This week, Nintendo finally managed to put everyone's fears at rest by confirming that the long awaited Zelda: The Twilight Princess is still bound for GameCube. Of course, far more excitingly, it's also set to be the first Zelda game ever to be a launch title for a new Nintendo console, what with the company having been beavering away on a beefed up version claimed to take full advantage of the Wii's unique controller.
In the spirit of discovery, we skipped the queues at Nintendo's E3 stand (peeving a large contingent of our US bretheren no end - but there's always an A-List) and put the Wii-controlled Zelda to the test. Of all the things the company had on display, this was the biggy for us - after all, there's been a lot of concern that the Wii remote, while fine for specially designed games like Wii Tennis, just wouldn't be cut out for more traditional games types. So how does it fair in the heady world of third-person actioners? Well - brace yourselves - so far, we're not convinced.
As with many Wii games on display, Twilight Princess uses the nunchuck analogue stick for movement while, in this instance, holding the nearby Z button performs your standard Zelda lock-on action, as well as centring the camera behind you. Meanwhile, over on the remote, B (that's the trigger underneath the wand) looks after actions like talking, lifting and - when engaged in battle - sword slashing. Your primary inventory items can be accessed using the d-pad and, for the purposes of the demo, included a crossbow, boomerang and iron boots.
Link starts off the show on a winding wooden walkway stretching across a vast expanse of water. Given that the demo was clearly designed to introduce the basic controller mechanics to the masses, it's reasonable to assume that it's either a heavily altered version of a level from the main game, or something put together especially for E3. After a bit of traipsing, we encountered our first enemy, and thus got chance to test out the fighting system Nintendo's got in place on the Wii. As it happens, it's not far removed from previous 3D Zelda games - simply lock on and hack away. The one twist we saw was that quickly moving the nunchuck in a circle causes Link to perform his trusty spin attack. At this point, we're not sure if the remote can also be used more creatively in swordfights as our booth assistant wasn't overly elaborate - we've already heard that actions like throwing have more intuitive equivalents using the controller's unique abilities, so it wouldn't completely surprise us.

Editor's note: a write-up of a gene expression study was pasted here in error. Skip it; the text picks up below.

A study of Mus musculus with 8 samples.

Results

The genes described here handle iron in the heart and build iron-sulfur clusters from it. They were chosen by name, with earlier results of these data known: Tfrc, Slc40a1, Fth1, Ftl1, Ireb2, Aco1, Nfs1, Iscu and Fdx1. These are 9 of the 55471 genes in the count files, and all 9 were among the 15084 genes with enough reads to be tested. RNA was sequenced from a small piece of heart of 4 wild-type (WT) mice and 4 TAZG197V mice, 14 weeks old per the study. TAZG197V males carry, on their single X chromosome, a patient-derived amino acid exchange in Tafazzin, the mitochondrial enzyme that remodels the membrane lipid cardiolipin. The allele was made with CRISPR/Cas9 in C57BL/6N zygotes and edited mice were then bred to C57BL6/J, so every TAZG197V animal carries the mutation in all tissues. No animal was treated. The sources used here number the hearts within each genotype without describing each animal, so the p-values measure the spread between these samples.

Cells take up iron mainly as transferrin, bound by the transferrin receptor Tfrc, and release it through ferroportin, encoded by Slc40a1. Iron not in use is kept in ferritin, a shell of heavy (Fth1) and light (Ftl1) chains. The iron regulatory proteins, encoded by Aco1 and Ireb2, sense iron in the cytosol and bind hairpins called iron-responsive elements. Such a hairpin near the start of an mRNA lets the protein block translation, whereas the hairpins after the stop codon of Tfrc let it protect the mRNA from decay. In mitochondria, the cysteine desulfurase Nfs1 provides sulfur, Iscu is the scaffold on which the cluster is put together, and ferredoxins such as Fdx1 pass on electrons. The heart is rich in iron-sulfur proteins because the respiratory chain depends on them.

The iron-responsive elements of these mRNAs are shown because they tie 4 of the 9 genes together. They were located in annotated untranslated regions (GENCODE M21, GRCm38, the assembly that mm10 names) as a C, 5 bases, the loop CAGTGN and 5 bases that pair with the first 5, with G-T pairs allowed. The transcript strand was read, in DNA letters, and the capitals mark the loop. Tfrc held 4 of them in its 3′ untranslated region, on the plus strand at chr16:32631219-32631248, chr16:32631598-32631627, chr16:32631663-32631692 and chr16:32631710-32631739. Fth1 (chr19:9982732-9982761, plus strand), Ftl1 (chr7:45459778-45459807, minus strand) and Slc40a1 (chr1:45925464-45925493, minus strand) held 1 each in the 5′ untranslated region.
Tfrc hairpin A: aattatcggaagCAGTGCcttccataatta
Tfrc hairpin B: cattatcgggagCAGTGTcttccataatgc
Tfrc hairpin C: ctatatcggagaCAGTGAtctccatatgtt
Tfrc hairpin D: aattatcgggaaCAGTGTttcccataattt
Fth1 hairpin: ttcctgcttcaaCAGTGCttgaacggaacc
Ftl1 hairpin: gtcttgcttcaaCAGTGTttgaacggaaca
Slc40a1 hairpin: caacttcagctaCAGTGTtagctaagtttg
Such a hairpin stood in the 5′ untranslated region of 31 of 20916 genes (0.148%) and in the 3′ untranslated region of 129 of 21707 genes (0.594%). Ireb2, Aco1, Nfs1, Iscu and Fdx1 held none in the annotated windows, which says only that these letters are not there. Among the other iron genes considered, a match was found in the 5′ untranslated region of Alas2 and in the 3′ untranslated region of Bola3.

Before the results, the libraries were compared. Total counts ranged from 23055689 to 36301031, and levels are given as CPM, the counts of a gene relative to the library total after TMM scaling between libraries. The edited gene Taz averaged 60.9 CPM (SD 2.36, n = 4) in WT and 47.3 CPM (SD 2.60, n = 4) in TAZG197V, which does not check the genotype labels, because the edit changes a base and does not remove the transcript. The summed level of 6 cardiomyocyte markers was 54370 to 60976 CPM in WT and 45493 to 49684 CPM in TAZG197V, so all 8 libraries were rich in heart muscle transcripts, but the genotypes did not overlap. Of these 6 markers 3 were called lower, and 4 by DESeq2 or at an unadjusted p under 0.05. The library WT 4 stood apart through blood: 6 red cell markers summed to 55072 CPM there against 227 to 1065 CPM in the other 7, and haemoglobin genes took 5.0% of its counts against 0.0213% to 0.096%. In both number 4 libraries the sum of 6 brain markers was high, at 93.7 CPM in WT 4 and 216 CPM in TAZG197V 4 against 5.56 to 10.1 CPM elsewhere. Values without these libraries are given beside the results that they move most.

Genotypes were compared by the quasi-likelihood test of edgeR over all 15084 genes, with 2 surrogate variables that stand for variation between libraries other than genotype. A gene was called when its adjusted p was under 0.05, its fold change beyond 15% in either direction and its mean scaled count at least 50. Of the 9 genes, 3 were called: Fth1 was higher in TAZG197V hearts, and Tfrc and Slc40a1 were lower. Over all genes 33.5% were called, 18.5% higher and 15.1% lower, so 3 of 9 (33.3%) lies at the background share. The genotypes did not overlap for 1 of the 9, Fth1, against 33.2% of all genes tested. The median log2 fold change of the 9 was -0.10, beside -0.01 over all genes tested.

Far more interesting however is the precise aiming used for firing your bow and flicking your boomerang. Both work in pretty much the same way and the next part of the demo introduced us to each in turn. By selecting your crossbow from the inventory, pulling the remote trigger switches to first person mode. A central circle appears on screen, as does a firing reticule controlled by the remote's pointer. Keeping the crosshair inside the circle ensures your view remains stationary while moving it out shifts it in the direction of your choice. Once you've got your target in sight - in this case a bunch of angry trolls bombarding us with projectiles on a nearby outcrop - it's simply a matter of hitting down on the d-pad to launch your arrow.
With our assailants eliminated, it was time to get to grips with the boomerang. The puzzle in place for the E3 demo involved individually targeting four small wind turbines by holding down left on the d-pad to enter boomerang mode, selecting each turbine in turn by pointing and locking on, then releasing to unleash a small cyclone that sets them in motion. There were a number of formations required to open the door behind us - each one sequentially then in a Z shape - but it all worked the same way. Once completed, it was time to head through the door and up onto a high ledge where a gigantic magnet waited to be activated. Once operational, it was time to test out Link's trusty iron boots.